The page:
Bengaluru’s Hanging Bridge

Bengaluru’s Hanging Bridge

Krishnaraja Puram:

In recent years, KR Puram or Krishnarajapuram, located in East Bengaluru, 15 kilo-metres away from the Bengaluru City railway station, has evolved into a space where history remains entangled with its dusty roads, crowded residences and uneven commercialization. The reality behind its name, or the various names it has adopted since many centuries, has long been forgotten.  The Bangalore District Gazeteer published in 1990 traces the name back to Krishnaraja Wadiyar III, who ruled the provincial State of Mysore from 1799 to 1868. People, however, speculate that it might even be attributed to his predecessor, Immadi Krishnarajendra Wodeyar, who ruled between 1734 and 1766 A.D.

Traces of the reverence many of these heroes once enjoyed lie buried in parts of KR Puram even today . One of the prominent ones is the Marya inscription.  Legend goes that under the rule of the Ganga dynasty King Sripurusha, there was a village hero called Mareya who protected the villages against dacoits and sacrificed his life in the process. The hero-stone inscription near today’s Mahabaleshwara temple records this incident.  The exact location of the stone, however, remains unknown. This constituency has 9 wards.  The Hanging bridge at K.P.Puram is a well known land mark of this constituency.

The Hanging bridge of Benglauru:

The cable-stayed bridge at Krishnarajapuram in Bangalore has bagged the most outstanding national bridge award conferred by the Indian Institution of Bridge Engineers.

The 230-meter bridge, including the 180-meter cable stayed portion, was constructed by South Western Railway over the Krishnarajapuram Railway Station Yard on the busy Bengaluru-Chennai highway. The bridge was inaugurated on January 26, 2003 by former Prime Minister Atal Bihari Vajpayee.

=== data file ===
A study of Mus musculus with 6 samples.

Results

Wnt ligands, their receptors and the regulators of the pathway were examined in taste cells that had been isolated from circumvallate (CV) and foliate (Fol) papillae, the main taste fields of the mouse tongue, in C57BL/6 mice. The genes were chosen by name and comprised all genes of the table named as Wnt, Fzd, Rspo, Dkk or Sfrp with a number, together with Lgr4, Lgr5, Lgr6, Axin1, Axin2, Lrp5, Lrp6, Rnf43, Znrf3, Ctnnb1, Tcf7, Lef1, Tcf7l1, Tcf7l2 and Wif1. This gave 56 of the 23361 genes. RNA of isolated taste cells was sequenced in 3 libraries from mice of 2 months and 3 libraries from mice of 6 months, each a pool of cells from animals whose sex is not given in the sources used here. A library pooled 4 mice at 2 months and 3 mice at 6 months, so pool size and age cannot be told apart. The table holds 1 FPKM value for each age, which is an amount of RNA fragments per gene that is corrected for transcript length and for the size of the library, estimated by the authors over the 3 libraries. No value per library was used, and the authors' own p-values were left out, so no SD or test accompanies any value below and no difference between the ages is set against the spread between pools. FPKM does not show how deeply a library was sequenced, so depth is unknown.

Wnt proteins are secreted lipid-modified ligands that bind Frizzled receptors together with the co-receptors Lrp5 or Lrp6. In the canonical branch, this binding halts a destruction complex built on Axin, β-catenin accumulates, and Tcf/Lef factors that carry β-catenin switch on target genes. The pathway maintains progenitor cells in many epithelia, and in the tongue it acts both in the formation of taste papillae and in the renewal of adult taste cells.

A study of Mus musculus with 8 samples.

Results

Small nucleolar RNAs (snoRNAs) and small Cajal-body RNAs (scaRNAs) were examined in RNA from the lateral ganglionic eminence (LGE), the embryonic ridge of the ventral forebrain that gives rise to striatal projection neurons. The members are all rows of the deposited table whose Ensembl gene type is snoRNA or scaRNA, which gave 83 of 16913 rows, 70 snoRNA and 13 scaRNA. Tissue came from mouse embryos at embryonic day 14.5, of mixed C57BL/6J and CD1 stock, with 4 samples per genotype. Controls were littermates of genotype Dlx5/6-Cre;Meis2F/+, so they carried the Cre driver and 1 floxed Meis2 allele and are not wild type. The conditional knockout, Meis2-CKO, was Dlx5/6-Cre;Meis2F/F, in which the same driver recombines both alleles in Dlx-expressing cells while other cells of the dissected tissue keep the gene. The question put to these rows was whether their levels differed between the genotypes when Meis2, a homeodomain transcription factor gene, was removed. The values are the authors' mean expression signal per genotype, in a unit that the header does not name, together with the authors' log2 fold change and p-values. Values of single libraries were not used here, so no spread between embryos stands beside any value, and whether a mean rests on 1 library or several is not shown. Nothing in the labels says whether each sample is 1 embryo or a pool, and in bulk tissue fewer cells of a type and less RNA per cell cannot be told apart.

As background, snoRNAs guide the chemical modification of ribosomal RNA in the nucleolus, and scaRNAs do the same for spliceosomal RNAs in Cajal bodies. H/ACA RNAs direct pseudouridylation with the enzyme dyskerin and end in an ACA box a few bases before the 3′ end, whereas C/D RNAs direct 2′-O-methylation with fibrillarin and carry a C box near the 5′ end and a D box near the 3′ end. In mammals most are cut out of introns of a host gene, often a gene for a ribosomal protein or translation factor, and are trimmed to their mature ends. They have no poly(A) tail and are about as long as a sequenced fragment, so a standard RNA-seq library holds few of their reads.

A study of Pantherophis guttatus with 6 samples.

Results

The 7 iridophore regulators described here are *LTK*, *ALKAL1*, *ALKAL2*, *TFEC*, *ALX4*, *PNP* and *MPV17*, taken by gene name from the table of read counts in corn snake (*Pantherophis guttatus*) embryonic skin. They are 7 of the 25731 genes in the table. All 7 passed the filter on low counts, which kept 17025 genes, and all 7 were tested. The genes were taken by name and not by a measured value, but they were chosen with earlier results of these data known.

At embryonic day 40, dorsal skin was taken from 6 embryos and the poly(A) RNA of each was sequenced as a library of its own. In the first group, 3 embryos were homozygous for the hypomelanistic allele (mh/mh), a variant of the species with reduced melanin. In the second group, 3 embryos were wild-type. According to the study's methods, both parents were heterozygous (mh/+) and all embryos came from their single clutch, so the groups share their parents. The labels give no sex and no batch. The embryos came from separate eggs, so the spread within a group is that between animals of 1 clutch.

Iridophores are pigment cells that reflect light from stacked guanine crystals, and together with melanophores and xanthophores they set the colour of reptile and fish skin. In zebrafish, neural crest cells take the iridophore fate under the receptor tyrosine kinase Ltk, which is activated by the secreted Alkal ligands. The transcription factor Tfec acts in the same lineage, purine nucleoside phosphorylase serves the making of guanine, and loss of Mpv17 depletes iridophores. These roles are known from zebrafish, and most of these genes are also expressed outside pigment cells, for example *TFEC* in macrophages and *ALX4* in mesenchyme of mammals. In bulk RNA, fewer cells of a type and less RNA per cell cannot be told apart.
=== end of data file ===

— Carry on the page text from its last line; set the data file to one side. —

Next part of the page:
South Western Railway Deputy General Manager  Mr. Prem Narayan and Deputy Chief Engineer Mr. Vijay Kumar, supervised its construction,

The cables themselves, the pylons supporting them, and the way the material was transported to the site are considered unique in engineering and logistics. The Garden City Skyway Bridge, as it has been named, passes over five tracks.

The technology of holding such structures with strong cables came from a design developed by Swiss engineers 50 years ago. Thousands of metres of wire measuring 12 mm in diameter was imported from Kobe, Japan, by Usha Martin Co. of Ranchi.

The 1,830-metre bridge will have four lanes for traffic. The cables take the entire load of vehicles passing on the bridge — up to 300 tonnes at a time — and will pass on the load pressure to the pylons which in turn will pass it to the ground. The cable inclination with the towers varies from 23.7 degrees to 74 degrees. The longest cable is 113 meters.

The bridge is a joint venture of the Union Ministry of Surface Transport, Southern Railways, and the State Government. The Railways have shared the bulk of the total cost of Rs. 47 crores. Even as the bridge was under construction, city planners and engineers from places such as Patna, Nainital, and Ahmedabad came here to study it and examine if the technology could be replicated.